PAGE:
Ernst Jean Jacques cleared after alleged victim refuses to take stand

Yawu Miller
Yawu Miller
Yawu Miller is the Banner’s senior editor. VIEW BIO
Judge dismisses assault charge against protestor
Ernst Jean Jacques (right) with attorney Shah Erkan

An Essex County prosecutor last week dismissed the case against activist Ernst Jean-Jacques, whom Swampscott Police last year charged with assaulting an 80-year-old Trump supporter after she was seen throwing water in his face during a rally in Swampscott.

The woman, Swampscott resident Linda Greenberg, refused to testify during the Tuesday trial and was also charged with assault in connection with the incident. Yet the prosecutor on the case, Danielle Doherty-Wirwicz, declined to prosecute the case against Greenberg.

Shah Erkan, client coordinator for the law firm that represented Jean-Jacques, said the prosecutor’s decision to drop the case against his client was “too long in the coming” but said it was just and fair.

“Bear in mind, everybody, that the reason for the dismissal for this case was because Linda Greenberg decided that she would protect herself by not testifying in a court of law in front of the public as to her own wrongdoing,” Erkan told a small collection of Jean-Jacques’ supporters who gathered after the Nov. 30 hearing outside the District Court of Southern Essex in Lynn.

The case stemmed from a December 2020 pro-Trump rally that was held in Swampscott, a weekly occurrence at the time. Jean-Jacques and other counterdemonstrators had gathered across from the Trump supporters, separated by a street and a metal barricade in front of the pro-Trump demonstrators.

During the demonstration, Jean-Jacques was dancing in front of the pro-Trump contingent and apparently provoked the ire of Greenberg, who was seen in video footage grabbing a water bottle, then pivoting toward Jean-Jacques.

A separate camera angle shows Jean-Jacques as water hits his face. His arm hangs to his side, palm open before he reaches toward where Greenberg was standing, in what he says was an attempt to grab Greenberg’s water bottle.

In an apparent contradiction of the video evidence, a Swampscott police officer, who was watching a livestream of the demonstration on a social media page maintained by pro-Trump demonstrator Diana Ploss, said in a police report that he saw Jean-Jacques clench and close his fist, then wind up and with an extreme amount of force throw a punch at Greenberg.

In a video recording from the Dec. 12 incident, Greenberg admitted to splashing Jean-Jacques with her water.

“I was drinking my water and he was gyrating in front of me, and I was getting mad, and I did get water on him. I don’t want to lie,” she said.

But when asked whether she was the aggressor, she responded angrily, “Oh, why don’t you f— off … You are not America. You are not America.”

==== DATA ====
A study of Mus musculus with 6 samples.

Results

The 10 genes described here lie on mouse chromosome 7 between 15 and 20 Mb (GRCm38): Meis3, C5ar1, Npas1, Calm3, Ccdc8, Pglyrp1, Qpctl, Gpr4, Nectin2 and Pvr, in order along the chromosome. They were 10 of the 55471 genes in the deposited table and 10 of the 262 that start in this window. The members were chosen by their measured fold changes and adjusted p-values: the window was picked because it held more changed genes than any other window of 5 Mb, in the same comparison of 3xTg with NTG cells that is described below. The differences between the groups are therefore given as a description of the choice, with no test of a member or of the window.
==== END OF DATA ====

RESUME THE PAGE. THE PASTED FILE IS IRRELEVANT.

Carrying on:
While Jean-Jacques was charged with assault, police did not file charges against Greenberg in connection with the incident.

Following the assault charge, Jean-Jacques was fired from his job at a senior center where he worked with adults with intellectual disabilities.

Jean-Jacques’ attorney, Murat Erkan, filed a motion to have the charges dismissed. During a June 2021 hearing, an Essex County judge dismissed Erkan’s motion. The chair and vice chair of the Swampscott Select Board sent a letter to Essex County District Attorney Jonathan Blodgett, urging him to drop the charges against Jean-Jacques.

At the time, a spokeswoman for the Essex County District Attorney’s office rejected the select board members’ concerns about the charges.

“Members of the Board of Selectmen are not judges in a courtroom who hear evidence,” she said. “These decisions are made in a courtroom in which the defense attorney is free to raise objections.”

Shah Erkan said Blodgett’s office had little to go on, however.

“In the end, the government’s ill-conceived prosecution fell apart,” he told the gathering outside the Lynn courthouse.

On Dec. 1, Murat Erkan fired off an open letter to Blodgett, asking him to appoint an independent prosecutor for Greenberg’s case. In it, he noted that hours after a clerk magistrate ruled that probable cause supported an assault charge against Greenberg, prosecutor Doherty-Wirwicz asked a judge to dismiss the case against her. When the Judge, Matthew Nestor, declined to do so, Doherty-Wirwicz brought the criminal case against Greenberg before a different judge and filed a dismissal of the charge against her.

“She did so without notice to the victim — Mr. Jean-Jacques — in violation of the Victim’s Bill of Rights, G.L. Ch. 258E, which guarantees his right ‘to confer with the prosecutor … before the filing of a nolle prosequi[.]” Murat Erkan wrote in his letter.

In his letter, Erkan noted several instances in which he said Doherty-Wirwicz acted in a prejudicial manner against Jean-Jacques, including her initial response to his request to have the charges against Jean-Jacques dropped.

“Instead, prosecutor Danielle Doherty-Wirwicz filed a motion seeking to have Mr. Jean-Jacques labeled a danger to the public.” Erkan wrote. “She threatened to seek detention if Mr. Jean-Jacques presented witnesses at the hearing. Ultimately, her motion was denied.”

Erkan also cites Blodgett’s office’s refusal to press charges against Greenberg.

“I was informed that a backlog at the clerk’s office would mean months would pass before that complaint would be considered,” Erkan wrote.

Erkan notes that an independent internal investigator, hired by the Swampscott Police Department, found that probable cause supported charging Greenberg with assault and battery.

“You have the power to appoint an independent prosecutor to determine how the case against Ms. Greenberg should proceed,” Erkan wrote. “Whatever decision that prosecutor then renders will be beyond the reproach and suspicion which otherwise surrounds Ms. Doherty-Wirwicz’ handling of this matter.”